Beep! Beep! Beeeep!
The shrill sound of your alarm splits through the crisp morning air. With a sigh, you bury your face in your pillow and do a quick mental calculation of how many more times you can swat the snooze button before you really must get up.
It's not that life is awful: you've got a business you enjoy and some good things going for you in your personal life. It's just that once you became an entrepreneur, you suddenly felt like you never had a break. "Is this just the way life has to be?" you wonder. "Will I always feel like I'm working?"
As a time management life coach and productivity trainer who helps entrepreneurs around the world to get more done and take more time off -- without guilt -- I can confidently say that the life of a business owner doesn't need to involve perpetual work. Here are some of my tips on how to break the cycle.
1. Let go of guilt. So many entrepreneurs feel guilty about taking time for essential activities like sleep, exercise, meals, socializing and prayer and meditation. But if you neglect those areas, you won't function at your highest potential. I recommend setting your personal hours first. After you've put in time on your calendar for proper self care, look at how many hours you have left to commit to your business. Give yourself permission to stop working -- without guilt -- once you reach your weekly work hours so it's possible to also meet your wellness goals.
2. Let go of being over-committed. Entrepreneurs tend to be very versatile, capable people, which means they can -- and often do -- take on too much responsibility. But doing it all has a huge cost to your quality of life and work. If you have too many commitments, think through what you could trim or eliminate from your schedule. Here are some ideas of where to cut back:
- Delegate work responsibilities to an employee, contractor or intern. These could include putting up blog posts, doing research, mailing out items or making follow up calls.
- Step down from a committee, drop a club or let go of a class.
- Hire someone to help with household activities like cleaning, lawn care and pet walking.
- Don't automatically say, "Yes," to every request or volunteer yourself for activities. Just because you could fix something, doesn't mean you should.
3. Let go of chaos. When you don't schedule in time to create order, you constantly feel like you're trying to catch up and worry that something might fall through the cracks. Each day should have time set aside for tasks like answering e-mail, responding to voicemail and wrapping up any details from meetings. Each week should have space blocked off for periodic professional and personal responsibilities, such as paying bills, going grocery shopping or doing laundry. When the basics of life feel under control, taking a break doesn't make you feel so uncomfortable.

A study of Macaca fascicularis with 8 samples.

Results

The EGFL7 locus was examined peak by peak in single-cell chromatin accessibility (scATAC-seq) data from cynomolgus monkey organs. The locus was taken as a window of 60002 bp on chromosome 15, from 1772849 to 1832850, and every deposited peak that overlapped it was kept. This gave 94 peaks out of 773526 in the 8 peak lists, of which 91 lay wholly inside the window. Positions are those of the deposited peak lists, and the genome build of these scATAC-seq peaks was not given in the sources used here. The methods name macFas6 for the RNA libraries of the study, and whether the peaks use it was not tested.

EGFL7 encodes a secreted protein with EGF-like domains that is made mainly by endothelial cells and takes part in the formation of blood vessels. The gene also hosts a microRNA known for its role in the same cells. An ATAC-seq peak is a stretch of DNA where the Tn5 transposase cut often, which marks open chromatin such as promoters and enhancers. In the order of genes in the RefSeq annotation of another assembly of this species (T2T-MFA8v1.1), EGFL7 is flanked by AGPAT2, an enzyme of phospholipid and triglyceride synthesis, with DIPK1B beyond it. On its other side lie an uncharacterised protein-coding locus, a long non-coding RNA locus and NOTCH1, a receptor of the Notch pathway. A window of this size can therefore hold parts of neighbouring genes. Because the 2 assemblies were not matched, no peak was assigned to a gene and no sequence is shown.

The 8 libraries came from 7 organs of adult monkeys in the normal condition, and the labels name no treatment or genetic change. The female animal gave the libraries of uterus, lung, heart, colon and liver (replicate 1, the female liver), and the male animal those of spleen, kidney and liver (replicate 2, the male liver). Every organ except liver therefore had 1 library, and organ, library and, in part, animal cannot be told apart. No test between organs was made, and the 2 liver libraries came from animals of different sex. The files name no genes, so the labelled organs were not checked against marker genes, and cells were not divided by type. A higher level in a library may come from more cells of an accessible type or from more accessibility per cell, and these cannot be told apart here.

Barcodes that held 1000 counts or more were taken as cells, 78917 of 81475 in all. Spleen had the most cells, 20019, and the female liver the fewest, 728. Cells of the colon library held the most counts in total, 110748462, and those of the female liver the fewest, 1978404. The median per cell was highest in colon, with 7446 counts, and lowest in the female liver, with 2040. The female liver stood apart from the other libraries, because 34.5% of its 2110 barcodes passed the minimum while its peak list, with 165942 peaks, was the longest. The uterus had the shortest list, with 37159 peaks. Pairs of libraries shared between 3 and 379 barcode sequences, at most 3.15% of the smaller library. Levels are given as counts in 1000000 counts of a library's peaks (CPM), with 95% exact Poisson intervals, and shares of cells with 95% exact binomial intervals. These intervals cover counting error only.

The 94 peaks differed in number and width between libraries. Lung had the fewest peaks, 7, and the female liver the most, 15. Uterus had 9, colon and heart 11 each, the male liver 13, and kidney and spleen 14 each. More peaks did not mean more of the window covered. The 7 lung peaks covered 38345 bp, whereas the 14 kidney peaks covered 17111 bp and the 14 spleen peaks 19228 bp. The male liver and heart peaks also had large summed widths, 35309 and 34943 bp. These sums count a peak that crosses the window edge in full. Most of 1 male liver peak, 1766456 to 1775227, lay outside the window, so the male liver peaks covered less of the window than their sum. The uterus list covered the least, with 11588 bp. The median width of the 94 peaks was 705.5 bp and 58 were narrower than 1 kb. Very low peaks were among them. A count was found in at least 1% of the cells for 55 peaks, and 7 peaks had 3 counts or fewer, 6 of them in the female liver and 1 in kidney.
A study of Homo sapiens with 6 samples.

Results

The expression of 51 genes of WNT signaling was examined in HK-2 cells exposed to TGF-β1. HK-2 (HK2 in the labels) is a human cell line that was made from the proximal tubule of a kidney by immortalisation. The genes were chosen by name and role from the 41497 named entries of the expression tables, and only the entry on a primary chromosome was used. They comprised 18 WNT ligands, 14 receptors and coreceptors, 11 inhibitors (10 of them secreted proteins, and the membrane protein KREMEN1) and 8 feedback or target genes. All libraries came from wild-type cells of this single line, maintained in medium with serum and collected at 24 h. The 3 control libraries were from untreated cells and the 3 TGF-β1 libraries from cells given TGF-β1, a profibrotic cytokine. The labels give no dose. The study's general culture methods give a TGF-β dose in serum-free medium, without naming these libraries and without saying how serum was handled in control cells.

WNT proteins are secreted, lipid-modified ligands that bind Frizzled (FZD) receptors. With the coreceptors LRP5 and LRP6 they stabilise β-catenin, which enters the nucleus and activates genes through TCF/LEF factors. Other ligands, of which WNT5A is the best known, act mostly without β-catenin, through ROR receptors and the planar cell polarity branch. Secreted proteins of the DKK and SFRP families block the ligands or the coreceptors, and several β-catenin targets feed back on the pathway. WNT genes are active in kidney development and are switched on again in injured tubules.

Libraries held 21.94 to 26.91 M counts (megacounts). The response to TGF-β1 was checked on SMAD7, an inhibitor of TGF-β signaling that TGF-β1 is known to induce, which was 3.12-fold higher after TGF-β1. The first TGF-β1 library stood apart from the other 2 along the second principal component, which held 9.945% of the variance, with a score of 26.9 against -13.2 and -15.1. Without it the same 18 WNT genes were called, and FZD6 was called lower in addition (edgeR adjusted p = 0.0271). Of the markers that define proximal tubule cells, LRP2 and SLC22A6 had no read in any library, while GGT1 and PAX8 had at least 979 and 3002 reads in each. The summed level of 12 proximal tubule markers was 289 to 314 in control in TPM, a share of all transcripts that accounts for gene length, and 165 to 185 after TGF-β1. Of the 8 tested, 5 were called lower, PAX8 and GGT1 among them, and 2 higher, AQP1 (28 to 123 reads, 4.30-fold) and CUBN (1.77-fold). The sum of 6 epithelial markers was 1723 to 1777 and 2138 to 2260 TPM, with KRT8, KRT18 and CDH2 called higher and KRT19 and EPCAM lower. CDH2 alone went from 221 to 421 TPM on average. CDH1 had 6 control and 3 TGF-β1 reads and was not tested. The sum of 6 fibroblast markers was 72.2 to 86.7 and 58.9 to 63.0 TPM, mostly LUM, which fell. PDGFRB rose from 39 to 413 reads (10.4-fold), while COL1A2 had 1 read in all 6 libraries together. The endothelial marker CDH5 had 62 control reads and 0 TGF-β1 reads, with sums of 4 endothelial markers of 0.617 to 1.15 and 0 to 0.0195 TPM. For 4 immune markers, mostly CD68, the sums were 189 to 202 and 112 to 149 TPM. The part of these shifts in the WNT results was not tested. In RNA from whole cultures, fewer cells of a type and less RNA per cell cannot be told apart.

4. Let go of stress. Each person has certain activities that leave them feeling refreshed and energized. For some, it could look like a leisurely dinner with friends, for others a long hike in a forest preserve, and still for others a few hours curled up with a book. Ideally, you should put in these types of recharging activities on a regular basis. But sometimes, they might not quite fit. When you're pressed for time, try alternatives like calling one of your best friends on your way home from work, walking around your neighborhood after dinner or reading while you're eating lunch.
Even small doses of "play time" can go a long way toward making you energized and ready to spring into action when your morning alarm sounds.
Elizabeth Grace Saunders is the founder and CEO of Real Life E®, a time management life coaching and training company that empowers individuals who feel guilty, overwhelmed and frustrated to accomplish more with peace and confidence through an exclusive Schedule MakeoverTM process. Elizabeth has appeared in Inc magazine, The Chicago Tribune, on NBC and was selected as one of the Top 25 Amazing Women of 2010 by Stiletto Woman.
The Young Entrepreneur Council (YEC) is an invite-only nonprofit organization comprised of the country's most promising young entrepreneurs. The YEC promotes entrepreneurship as a solution to youth unemployment and underemployment and provides its members with access to tools, mentorship, and resources that support each stage of a business's development and growth.